Josef Troger*
Department of Ophthalmology, Medical University of Innsbruck, Anichstraße 35, 6020 Innsbruck, Austria
Received: 28 February, 2015; Accepted: 28 February, 2015; Published: 01 March, 2015
*Corresponding author:
Josef Troger, Department of Ophthalmology, Medical University of Innsbruck, Anichstraße 35, 6020 Innsbruck, Austria, Tel: 43/512/50427343; Fax: 43/512/50423722; Email: @
Troger J (2015) Neuropeptide Research in the Eye. J Clin Res Ophthalmol 2(2): 030. DOI: 10.17352/2455-1414.000015
© 2015 Troger J. This is an open-access article distributed under the terms of the Creative Commons Attribution License, which permits unrestricted use, distribution, and reproduction in any medium, provided the original author and source are credited.

The neuropeptide research in the eye is the main topic of our scientific group in Innsbruck. Most of the neuropeptides have been discovered more than 30 years ago and the presence and distribution of some of them has been explored in the eye in the 80´s mainly by Richard Stone. This concerns particularly substance P (SP), calcitonin gene-related peptide (CGRP), vasoactive intestinal polypeptide (VIP) and neuropeptide Y (NPY). Whereas SP and CGRP have been found to be constituents of the sensory innervation of the eye, VIP is present in the parasympathetic and NPY in the sympathetic innervation of the eye. These results have been reviewed in 1987 in “Experientia”. In the retina, the typical neuropeptide localization are amacrine cells in the proximal inner nuclear layer and displaced amacrine cells in the ganglion cell layer but some of them are also present in ganglion cells. As mentioned above the flowering time of the neuropeptide research in the eye were the 80´s because everyone believed that these are novel neurotransmitters apart from the catecholamines, acetylcholine and certain amino acids. But it came apparent that these are rather neuromodulators and probably because of this reason the interest in neuropeptide research decreased in the last three decades. However, the innervation of the eye by several further peptides has been explored including galanin, somatostatin, cholecystokinin, nitric oxide, pituitary adenylatecyclase (PACAP) and neurokinin A and the results of these explorations have been reviewed in the year 2007 by our scientific group in Innsbruck in “Brain Research Reviews” and in the book “Neuropeptides in the eye” which has been released in 2009 in “Research Signpost”. Since then, further neuropeptides have been characterized in the eye. This concerns the chromogranin A-derived peptides WE-14, GE-25, catestatin and serpinin, the chromogranin B-derived peptide PE-11 and the secretoneurin II-derived peptide secretoneurin. The presence and distribution of most of these chromogranin-derived peptides has been explored by us and they have been found to be typical constituents of the sensory innervation of the eye as well.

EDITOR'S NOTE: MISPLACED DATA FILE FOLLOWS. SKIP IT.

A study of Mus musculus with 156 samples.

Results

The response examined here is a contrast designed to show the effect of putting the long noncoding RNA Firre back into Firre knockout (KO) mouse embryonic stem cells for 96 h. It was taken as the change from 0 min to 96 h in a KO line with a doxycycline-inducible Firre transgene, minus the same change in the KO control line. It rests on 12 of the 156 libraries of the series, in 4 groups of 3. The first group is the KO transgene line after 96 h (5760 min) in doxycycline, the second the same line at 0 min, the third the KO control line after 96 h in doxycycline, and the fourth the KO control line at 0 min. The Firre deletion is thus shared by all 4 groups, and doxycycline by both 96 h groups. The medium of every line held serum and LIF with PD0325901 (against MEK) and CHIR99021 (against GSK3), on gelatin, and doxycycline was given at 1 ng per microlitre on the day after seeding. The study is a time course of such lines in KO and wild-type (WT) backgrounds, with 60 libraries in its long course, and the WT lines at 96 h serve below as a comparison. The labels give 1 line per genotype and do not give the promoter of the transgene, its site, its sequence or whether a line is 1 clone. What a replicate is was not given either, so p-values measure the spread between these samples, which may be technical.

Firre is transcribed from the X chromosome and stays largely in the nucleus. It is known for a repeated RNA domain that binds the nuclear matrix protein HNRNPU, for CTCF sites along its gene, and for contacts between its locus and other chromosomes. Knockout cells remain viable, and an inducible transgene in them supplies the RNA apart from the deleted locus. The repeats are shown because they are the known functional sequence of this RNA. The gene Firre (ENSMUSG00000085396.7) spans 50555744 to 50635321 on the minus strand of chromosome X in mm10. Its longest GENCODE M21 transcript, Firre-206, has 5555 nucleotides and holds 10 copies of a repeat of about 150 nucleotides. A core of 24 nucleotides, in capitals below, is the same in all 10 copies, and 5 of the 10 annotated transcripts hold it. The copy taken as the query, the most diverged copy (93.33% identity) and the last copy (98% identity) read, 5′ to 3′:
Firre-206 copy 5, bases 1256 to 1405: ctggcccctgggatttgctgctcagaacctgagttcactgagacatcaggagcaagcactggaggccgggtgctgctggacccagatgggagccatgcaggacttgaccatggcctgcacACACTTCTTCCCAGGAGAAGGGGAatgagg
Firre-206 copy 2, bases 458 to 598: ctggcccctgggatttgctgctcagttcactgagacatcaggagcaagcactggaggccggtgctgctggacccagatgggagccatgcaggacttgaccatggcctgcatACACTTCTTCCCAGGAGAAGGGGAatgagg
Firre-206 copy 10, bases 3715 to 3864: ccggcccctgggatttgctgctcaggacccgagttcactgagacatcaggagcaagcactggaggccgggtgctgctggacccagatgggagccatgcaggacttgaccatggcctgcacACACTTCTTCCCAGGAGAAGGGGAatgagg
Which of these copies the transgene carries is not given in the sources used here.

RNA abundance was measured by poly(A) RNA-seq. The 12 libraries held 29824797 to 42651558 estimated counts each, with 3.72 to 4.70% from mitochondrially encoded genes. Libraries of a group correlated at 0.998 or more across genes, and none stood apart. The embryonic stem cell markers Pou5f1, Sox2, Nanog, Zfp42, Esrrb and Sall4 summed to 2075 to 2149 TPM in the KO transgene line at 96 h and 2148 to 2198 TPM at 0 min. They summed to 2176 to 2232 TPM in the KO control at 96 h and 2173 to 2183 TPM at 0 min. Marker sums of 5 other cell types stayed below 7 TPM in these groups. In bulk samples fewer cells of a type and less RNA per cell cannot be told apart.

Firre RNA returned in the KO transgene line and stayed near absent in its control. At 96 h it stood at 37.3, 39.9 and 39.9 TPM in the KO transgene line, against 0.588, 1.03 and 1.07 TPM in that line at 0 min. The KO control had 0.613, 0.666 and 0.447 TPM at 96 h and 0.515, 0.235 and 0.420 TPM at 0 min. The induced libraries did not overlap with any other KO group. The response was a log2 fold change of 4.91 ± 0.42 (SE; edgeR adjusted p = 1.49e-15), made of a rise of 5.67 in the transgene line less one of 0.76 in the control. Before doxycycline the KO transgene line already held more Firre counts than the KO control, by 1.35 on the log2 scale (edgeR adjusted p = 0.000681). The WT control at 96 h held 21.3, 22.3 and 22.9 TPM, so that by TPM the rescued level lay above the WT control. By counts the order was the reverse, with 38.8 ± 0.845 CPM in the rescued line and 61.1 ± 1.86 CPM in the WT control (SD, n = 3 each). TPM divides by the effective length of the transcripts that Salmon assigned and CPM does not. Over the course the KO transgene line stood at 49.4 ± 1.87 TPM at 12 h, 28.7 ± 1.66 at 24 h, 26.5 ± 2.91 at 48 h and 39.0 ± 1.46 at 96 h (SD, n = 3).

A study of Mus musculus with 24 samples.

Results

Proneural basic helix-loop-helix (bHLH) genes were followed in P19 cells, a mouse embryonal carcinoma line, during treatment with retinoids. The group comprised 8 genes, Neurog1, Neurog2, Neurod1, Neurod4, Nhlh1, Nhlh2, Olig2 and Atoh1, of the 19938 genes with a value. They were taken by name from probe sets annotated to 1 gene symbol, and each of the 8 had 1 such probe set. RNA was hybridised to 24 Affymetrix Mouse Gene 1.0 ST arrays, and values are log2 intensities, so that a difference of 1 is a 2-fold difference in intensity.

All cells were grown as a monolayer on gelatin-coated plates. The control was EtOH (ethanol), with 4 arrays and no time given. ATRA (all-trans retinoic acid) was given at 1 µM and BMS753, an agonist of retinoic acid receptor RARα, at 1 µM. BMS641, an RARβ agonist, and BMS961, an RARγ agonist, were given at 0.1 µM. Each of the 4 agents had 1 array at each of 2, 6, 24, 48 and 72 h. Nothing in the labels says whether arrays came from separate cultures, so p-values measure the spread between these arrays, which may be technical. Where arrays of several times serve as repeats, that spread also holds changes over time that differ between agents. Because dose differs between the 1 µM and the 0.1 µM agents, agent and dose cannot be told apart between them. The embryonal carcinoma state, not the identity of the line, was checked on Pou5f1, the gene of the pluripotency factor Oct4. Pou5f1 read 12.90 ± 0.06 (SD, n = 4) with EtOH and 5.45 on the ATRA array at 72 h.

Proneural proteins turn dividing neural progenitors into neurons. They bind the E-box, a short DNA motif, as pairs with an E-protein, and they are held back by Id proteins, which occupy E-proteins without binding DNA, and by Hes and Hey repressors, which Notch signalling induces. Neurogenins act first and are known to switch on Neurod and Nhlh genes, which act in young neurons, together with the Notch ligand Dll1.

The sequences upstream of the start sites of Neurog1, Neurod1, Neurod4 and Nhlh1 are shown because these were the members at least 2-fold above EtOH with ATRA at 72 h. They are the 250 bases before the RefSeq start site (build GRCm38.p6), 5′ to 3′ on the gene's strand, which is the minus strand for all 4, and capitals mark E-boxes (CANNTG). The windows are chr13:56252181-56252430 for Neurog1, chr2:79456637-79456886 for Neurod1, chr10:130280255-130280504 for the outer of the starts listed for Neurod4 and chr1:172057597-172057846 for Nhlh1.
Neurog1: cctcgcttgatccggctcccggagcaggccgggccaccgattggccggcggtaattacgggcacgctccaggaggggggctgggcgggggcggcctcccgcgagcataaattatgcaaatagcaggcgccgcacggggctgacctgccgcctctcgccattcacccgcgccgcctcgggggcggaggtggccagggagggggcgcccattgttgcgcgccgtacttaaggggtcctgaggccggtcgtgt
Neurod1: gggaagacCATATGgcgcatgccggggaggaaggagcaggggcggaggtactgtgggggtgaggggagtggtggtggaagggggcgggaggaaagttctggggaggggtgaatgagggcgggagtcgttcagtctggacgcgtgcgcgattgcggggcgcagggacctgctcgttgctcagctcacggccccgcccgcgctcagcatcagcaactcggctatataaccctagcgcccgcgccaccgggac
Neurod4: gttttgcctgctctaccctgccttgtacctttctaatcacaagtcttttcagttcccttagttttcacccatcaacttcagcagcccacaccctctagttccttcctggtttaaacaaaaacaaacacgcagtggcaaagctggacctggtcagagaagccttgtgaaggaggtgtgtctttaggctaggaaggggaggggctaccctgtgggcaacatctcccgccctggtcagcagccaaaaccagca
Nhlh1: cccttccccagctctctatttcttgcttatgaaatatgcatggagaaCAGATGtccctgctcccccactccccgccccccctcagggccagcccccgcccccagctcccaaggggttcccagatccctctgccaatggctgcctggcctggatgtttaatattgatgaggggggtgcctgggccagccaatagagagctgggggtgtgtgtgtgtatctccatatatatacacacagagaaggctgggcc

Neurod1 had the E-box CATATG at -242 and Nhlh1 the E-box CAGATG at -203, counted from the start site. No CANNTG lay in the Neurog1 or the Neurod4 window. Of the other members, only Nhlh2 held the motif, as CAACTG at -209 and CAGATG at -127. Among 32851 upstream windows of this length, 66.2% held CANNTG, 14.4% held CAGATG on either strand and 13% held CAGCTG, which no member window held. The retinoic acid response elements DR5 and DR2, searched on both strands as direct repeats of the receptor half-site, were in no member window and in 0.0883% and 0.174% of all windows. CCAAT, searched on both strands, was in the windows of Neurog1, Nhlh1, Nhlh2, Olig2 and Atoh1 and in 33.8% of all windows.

Hence, the presence and distribution of several neuropeptides are well explored whereas their functional role is not clear and is not fully understood. The first functional role of neuropeptides in the eye has been found to be neurogenic inflammation in the eye which has mainly been explored in rabbits. This represents a response after topical irritation and consists of miosis which is mediated by SP and vascular effects which are accomplished by CGRP. Furthermore, PACAP and nitric oxide participate as well. On the other hand, several effects of neuropeptides have been found in the last three decades and consequently they might be involved in the pathophysiology of the eye. In particular, SP is definitely involved in the pathobiology of neurotrophickeratopathy, VIP in the promotion of survival of corneal endothelium under oxidative stress and certain peptides also in immune privilege in the ocular microenvironment. On the other hand, an involvement in aqueous humour dynamics, contraction or relaxation of the sphincter and dilator muscle and an influence of uveal blood flow have been described for certain peptides. There are three examples which should demonstrate that it is important to continue the neuropeptide research in the eye because they might be relevant clinically in ophthalmic diseases. Firstly, certain neuropeptides act proangiogenic and might thus be involved in neovascular diseases of the eye, in particular in retinopathy of prematurity, wet age-related macular degeneration, proliferative diabetic retinopathy and neovascularizations after central retinal vein occlusion. This concerns SP, NPY, secretoneurin and catestatin. Next, neuropeptides have been found to inhibit the proliferation of retinal pigment epithelial cells. This might be clinically relevant in proliferative vitreoretinopathy where these cells are swept out into the vitreous and begin excessively to proliferate. And finally, some neuropeptides act neuroprotectively on ganglion cells and inhibit death and loss of these cells under various pathologic manipulations. This is especially the case for PACAP and VIP. Since these peptides are present in the retina they might be involved in endogenous neuroprotection within the retina which would be clinically relevant in glaucoma.

In conclusion, it seems to be important to encourage scientists from the whole world to continue to explore on this scientific field because neuropeptides might be clinically more relevant in certain ophthalmic diseases than suggested so far. And the “Journal of Clinical Research and Ophthalmology” might be a novel platform for manuscripts dealing with this topic.